Neoliberalism  



Neoliberalism or neo-liberalism is the 20th-century resurgence of 19th-century ideas associated with laissez-faire economic liberalism and free market capitalism, which constituted a paradigm shift away from the post-war Keynesian consensus that had lasted from 1945 to 1980. Neoliberalism is generally associated with policies of economic liberalization, including privatization, deregulation, free trade, austerity, and reductions in government spending in order to increase the role of the private sector in the economy and society. However, the defining features of neoliberalism in both thought and practice have been the subject of substantial scholarly debate.

English-speakers have used the term "neoliberalism" since the start of the 20th century with different meanings, but it became more prevalent in its current meaning in the 1970s and 1980s, used by scholars in a wide variety of social sciences as well as by critics. The term is rarely used by proponents of free market policies.

Some scholars have described the term as meaning different things to different people as neoliberalism has "mutated" into geopolitically distinct hybrids as it travelled around the world. As such, neoliberalism shares many attributes with other concepts that have contested meanings, including democracy.

The definition and usage of the term have changed over time. As an economic philosophy, neoliberalism emerged among European liberal scholars in the 1930s as they attempted to revive and renew central ideas from classical liberalism as they saw these ideas diminish in popularity, overtaken by recognition of the need to control markets, following the great depression and manifested in policies designed to counter the volatility of free markets, and mitigate their negative social consequences. The impetus for this development arose from a desire to avoid repeating the economic failures of the early 1930s, which was identified to be created by the economic policy of classical liberalism.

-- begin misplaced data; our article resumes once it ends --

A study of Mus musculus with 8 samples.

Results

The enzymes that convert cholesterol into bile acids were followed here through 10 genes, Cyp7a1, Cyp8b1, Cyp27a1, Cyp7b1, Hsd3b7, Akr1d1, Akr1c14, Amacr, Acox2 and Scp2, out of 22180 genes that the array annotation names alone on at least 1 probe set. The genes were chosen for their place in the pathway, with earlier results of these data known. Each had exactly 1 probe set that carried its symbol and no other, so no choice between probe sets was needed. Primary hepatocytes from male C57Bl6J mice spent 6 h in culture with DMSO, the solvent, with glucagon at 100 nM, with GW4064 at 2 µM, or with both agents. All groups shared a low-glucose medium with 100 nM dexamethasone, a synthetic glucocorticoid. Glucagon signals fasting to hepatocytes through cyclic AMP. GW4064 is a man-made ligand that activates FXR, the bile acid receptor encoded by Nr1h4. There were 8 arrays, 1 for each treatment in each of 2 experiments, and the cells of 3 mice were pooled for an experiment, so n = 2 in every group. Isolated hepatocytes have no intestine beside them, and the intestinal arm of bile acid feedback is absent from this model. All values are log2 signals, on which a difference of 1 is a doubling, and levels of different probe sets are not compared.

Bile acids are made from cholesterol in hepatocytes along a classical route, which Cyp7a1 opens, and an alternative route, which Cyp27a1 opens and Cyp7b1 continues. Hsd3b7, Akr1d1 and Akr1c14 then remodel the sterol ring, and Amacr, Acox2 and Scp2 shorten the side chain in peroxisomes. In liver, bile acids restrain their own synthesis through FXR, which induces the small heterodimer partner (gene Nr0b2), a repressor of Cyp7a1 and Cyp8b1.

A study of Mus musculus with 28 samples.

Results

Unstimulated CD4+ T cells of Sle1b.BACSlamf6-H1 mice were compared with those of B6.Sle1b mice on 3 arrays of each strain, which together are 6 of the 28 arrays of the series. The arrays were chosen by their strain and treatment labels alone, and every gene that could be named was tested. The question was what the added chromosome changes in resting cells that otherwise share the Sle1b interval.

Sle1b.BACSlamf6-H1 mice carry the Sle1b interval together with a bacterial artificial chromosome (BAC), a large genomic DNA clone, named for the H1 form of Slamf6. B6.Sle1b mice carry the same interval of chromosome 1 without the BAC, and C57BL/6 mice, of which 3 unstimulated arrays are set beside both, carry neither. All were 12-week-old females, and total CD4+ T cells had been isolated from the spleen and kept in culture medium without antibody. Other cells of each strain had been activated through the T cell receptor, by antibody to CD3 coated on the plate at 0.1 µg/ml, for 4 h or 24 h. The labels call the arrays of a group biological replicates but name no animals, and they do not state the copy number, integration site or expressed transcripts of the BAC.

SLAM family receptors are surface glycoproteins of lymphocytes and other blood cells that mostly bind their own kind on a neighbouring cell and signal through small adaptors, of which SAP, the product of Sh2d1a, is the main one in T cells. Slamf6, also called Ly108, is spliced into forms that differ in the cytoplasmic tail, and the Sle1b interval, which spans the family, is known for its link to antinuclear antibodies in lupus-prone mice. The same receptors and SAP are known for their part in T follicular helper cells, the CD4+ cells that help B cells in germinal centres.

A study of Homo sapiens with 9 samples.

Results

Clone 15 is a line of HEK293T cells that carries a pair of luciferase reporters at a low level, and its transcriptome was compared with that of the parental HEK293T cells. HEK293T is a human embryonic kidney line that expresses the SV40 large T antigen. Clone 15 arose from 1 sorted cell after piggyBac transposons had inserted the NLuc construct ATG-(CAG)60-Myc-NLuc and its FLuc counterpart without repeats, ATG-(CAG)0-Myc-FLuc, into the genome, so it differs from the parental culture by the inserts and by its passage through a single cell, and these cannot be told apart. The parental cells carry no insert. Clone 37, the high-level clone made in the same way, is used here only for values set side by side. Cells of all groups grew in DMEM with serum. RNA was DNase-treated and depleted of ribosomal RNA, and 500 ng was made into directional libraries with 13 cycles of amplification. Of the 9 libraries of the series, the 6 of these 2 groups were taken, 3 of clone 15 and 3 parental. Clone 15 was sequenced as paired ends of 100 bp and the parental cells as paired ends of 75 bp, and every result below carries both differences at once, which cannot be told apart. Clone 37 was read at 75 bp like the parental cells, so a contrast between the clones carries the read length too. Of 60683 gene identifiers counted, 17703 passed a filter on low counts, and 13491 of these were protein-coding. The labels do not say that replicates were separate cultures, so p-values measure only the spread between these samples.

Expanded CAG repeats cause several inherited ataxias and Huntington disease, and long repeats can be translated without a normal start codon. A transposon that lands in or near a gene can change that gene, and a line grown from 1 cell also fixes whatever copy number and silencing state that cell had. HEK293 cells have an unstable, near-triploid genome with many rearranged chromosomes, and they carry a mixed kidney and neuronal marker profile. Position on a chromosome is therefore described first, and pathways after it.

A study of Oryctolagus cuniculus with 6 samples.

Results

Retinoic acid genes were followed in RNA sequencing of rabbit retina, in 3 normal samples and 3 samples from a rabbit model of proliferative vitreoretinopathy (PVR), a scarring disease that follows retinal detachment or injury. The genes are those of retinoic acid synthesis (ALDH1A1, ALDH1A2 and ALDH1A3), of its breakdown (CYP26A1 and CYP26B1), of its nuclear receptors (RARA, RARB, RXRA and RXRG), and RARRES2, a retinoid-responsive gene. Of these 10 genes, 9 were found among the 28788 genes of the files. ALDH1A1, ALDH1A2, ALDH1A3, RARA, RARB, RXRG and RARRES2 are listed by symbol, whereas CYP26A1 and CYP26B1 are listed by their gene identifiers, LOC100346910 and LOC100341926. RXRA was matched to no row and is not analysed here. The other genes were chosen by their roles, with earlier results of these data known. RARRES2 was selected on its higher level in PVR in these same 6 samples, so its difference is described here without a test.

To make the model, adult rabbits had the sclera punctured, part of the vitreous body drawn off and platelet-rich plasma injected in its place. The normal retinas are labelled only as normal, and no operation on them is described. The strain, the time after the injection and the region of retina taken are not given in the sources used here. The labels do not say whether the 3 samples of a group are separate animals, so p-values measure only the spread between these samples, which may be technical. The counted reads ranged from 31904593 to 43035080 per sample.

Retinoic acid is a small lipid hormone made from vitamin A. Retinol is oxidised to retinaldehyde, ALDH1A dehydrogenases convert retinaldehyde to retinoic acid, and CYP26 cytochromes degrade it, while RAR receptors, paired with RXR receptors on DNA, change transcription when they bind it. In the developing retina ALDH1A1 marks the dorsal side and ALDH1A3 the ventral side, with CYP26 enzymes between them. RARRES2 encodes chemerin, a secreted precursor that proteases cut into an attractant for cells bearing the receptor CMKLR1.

When the term entered into common use in the 1980s in connection with Augusto Pinochet's economic reforms in Chile, it quickly took on negative connotations and was employed principally by critics of market reform and laissez-faire capitalism. Scholars tended to associate it with the theories of Mont Pelerin Society economists Friedrich Hayek, Milton Friedman, and James M. Buchanan, along with politicians and policy-makers such as Margaret Thatcher, Ronald Reagan and Alan Greenspan. Once the new meaning of neoliberalism became established as a common usage among Spanish-speaking scholars, it diffused into the English-language study of political economy. By 1994, with the passage of NAFTA and with the Zapatistas' reaction to this development in Chiapas, the term entered global circulation. Scholarship on the phenomenon of neoliberalism has been growing over the last few decades.